Patent Eligibility - The Claim is No Longer the Name of the Game

While we wait to see if Congress will overrule the Supreme Court on Section 101, applications are still rejected every day based on the current state of the law. Many Alice decisions boil down to whether the patent application is drafted with a strong focus on technical problems and technical solutions. But what about the claims? Shouldn’t the claims control. Normally, the claim is the name of the game, as Judge Rich said. But Alice turns much conventional wisdom of patent law on its head.

A recent PTAB case illustrates this point (SN 13/489,673). The invention, assigned to IBM, relates to methods and systems for data transfer in bandwidth sharing ad hoc networks. Claim 1 on appeal is reproduced below:


Under a Section 101 analysis, one of the main questions that must be determined is whether the claim is directed to an abstract idea. Normally one would think that this would require analyzing the claim language. However, in this PTAB decision, we see that one way to answer this question is to look to the specification, because “the Specification provides evidence as to what the claimed invention is directed.”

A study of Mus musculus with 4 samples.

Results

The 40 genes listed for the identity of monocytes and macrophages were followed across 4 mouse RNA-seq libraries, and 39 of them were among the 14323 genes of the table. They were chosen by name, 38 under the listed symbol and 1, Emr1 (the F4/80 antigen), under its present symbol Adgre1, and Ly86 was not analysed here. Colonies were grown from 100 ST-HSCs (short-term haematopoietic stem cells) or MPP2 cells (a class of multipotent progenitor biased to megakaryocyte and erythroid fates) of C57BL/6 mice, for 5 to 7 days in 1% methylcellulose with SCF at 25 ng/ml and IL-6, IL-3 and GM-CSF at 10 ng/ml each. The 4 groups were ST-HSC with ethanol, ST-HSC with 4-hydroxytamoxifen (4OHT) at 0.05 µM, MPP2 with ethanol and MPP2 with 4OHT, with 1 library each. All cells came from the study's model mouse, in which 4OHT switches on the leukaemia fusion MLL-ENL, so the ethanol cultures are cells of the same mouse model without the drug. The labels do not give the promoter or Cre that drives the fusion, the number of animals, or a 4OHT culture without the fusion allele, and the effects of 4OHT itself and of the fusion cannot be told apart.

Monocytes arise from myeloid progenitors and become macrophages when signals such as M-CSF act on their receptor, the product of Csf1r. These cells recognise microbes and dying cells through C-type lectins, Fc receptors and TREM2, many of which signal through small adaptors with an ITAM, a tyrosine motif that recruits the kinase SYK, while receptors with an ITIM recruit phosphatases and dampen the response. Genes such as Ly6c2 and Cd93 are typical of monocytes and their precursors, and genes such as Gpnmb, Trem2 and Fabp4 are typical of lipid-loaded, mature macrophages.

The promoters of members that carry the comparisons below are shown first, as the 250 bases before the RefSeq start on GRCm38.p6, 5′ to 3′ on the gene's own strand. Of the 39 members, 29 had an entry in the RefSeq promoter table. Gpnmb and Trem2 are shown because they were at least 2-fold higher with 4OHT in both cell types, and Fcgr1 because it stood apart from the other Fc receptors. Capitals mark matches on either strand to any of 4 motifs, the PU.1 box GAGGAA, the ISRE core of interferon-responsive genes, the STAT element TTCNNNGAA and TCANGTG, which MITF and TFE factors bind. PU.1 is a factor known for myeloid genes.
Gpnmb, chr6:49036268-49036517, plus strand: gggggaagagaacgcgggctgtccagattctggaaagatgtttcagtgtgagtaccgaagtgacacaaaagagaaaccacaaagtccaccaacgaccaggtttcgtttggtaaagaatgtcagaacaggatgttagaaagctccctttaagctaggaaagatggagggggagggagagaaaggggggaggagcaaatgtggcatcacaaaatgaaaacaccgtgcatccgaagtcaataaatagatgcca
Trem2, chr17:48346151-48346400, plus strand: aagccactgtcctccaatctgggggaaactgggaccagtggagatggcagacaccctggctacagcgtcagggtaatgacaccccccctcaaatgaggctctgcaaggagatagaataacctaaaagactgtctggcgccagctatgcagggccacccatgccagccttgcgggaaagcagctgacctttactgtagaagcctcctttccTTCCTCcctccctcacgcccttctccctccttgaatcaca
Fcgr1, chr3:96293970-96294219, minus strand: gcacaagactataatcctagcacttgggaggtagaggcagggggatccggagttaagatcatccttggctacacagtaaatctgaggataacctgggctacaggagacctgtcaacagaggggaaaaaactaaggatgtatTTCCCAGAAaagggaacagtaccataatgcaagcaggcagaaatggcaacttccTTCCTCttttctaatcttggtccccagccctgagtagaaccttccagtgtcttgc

Here, the PTAB determined that the claim was directed to an abstract idea, but nevertheless is eligible because it was directed to an improvement to a particular technology, namely data transfer rates in a non-conventionally arranged, ad hoc network.


So, details of technical problems and solutions in the specification, even if not explicitly recited in the claim, can make a big difference and tip the scales toward eligibility.